By: Amanda Humes
By: Amanda Humes

For years we've heard that "milk does a body good." But a recent study is questioning the truth behind the popular slogan.

Drink milk and grow up big and strong. That's what William and Shirley Reber always told their three sons.

"Milk is good for you, strong bones, drink your milk," said Reber.

But researchers at the Physicians Committee for Responsible Medicine now say there's little evidence that drinking milk promotes strong bones in children.

However, not everyone in the medical community agrees.

"A lot of data they used was pretty outdated. To recommend that children don't consume three cups of milk a day or that there's no benefit of consuming three cups of milk a day, isn't really good general public health, " said Erin Chambers, a clinical dietician at Scott and White.

Chambers says milk and other dairy products should be included as part of a balanced diet. She still encourages parents to serve milk to their kids and that's advice Reber plans to follow, even with his grandkids.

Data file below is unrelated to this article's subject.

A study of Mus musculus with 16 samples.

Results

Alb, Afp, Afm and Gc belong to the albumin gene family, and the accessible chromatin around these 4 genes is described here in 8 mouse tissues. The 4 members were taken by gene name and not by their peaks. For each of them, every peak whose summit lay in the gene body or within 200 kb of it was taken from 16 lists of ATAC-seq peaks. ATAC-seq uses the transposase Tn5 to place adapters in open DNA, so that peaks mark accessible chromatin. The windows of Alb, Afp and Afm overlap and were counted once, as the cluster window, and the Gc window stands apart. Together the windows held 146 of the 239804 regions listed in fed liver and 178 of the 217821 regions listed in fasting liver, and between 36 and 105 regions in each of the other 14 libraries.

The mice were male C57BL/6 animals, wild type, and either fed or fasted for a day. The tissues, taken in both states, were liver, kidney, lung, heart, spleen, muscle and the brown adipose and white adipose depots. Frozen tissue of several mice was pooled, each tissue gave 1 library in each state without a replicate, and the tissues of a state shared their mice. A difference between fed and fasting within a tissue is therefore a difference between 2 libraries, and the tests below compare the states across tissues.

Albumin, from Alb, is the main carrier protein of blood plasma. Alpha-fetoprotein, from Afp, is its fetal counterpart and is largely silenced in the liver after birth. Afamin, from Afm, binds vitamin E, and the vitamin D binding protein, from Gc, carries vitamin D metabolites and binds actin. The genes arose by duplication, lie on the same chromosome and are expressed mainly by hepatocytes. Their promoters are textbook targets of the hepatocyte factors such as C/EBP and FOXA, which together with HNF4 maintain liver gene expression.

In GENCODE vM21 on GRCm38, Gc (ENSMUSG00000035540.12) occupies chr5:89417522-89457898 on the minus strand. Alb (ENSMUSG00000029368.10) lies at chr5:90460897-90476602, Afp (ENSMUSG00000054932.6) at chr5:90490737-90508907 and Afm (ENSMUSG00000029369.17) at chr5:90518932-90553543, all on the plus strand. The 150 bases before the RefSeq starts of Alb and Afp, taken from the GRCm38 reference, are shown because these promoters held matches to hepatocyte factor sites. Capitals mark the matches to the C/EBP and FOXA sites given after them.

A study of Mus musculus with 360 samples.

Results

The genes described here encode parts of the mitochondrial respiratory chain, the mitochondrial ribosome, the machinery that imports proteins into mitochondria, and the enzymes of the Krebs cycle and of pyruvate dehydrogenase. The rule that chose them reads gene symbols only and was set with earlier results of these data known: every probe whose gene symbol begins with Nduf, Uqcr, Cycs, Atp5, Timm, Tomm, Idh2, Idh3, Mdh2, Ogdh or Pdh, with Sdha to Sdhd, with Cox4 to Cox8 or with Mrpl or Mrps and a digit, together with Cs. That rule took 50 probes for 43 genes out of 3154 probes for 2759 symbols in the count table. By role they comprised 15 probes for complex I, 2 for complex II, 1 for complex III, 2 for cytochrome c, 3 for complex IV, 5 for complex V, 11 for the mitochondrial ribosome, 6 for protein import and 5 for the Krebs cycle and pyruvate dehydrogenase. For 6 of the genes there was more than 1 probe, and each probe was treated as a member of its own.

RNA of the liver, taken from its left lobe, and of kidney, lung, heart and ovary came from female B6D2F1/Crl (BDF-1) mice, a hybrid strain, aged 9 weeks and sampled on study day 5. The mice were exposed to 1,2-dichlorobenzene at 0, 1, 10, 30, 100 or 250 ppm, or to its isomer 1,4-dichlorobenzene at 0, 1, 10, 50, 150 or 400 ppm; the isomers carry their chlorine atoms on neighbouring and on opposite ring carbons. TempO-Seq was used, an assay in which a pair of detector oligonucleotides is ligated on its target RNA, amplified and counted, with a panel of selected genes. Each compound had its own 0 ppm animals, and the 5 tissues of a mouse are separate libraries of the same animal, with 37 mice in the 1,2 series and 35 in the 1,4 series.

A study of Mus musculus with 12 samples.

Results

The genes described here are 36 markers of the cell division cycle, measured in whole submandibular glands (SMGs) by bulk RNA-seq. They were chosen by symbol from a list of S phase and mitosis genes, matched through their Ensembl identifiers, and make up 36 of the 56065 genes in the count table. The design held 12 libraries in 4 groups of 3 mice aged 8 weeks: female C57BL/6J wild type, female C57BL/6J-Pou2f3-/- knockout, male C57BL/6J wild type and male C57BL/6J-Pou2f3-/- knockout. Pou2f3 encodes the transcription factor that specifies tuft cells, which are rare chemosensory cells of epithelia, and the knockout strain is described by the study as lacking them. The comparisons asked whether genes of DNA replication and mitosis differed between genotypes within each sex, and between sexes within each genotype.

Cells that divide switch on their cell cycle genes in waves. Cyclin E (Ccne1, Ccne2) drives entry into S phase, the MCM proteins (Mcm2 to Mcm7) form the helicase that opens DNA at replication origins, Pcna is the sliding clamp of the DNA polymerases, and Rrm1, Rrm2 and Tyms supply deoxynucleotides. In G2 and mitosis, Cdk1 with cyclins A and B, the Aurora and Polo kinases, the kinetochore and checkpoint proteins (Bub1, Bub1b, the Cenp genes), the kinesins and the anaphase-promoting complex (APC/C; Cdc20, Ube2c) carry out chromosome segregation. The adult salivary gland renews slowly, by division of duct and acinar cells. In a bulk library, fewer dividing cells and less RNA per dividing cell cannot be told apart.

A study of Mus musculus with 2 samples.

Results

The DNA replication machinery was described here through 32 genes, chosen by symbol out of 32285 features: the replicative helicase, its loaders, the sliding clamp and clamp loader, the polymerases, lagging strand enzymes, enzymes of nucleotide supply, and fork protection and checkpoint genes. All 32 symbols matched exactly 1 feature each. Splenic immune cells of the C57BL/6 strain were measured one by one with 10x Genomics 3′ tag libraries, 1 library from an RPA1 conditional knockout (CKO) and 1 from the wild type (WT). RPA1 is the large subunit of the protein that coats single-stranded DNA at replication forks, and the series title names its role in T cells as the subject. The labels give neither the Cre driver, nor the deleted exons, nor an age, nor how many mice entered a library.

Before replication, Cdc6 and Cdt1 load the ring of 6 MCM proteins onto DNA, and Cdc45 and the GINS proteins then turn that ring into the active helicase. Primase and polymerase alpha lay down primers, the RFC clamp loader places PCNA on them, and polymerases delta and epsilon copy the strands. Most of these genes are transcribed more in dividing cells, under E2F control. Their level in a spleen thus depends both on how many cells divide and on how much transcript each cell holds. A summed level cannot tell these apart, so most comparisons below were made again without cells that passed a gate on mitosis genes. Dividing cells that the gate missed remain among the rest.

"I believe milk is good for you. There were a lot of dairy farms where I was brought up and until something more specific comes out, I think we'll continue with the milk drinking," said Reber.

The study suggests alternative calcium sources like tofu, oats, and broccoli are better than dairy products. But getting kids to swap their milk for broccoli could be difficult.

"I think you're going to have a hard time trying to get a child to eat tofu or broccoli for dinner," said Reber.

But don't bypass the milk aisle just yet. Many nutritionists believe that milk is a vital part of a healthy diet, giving you calcium and vitamins your body needs.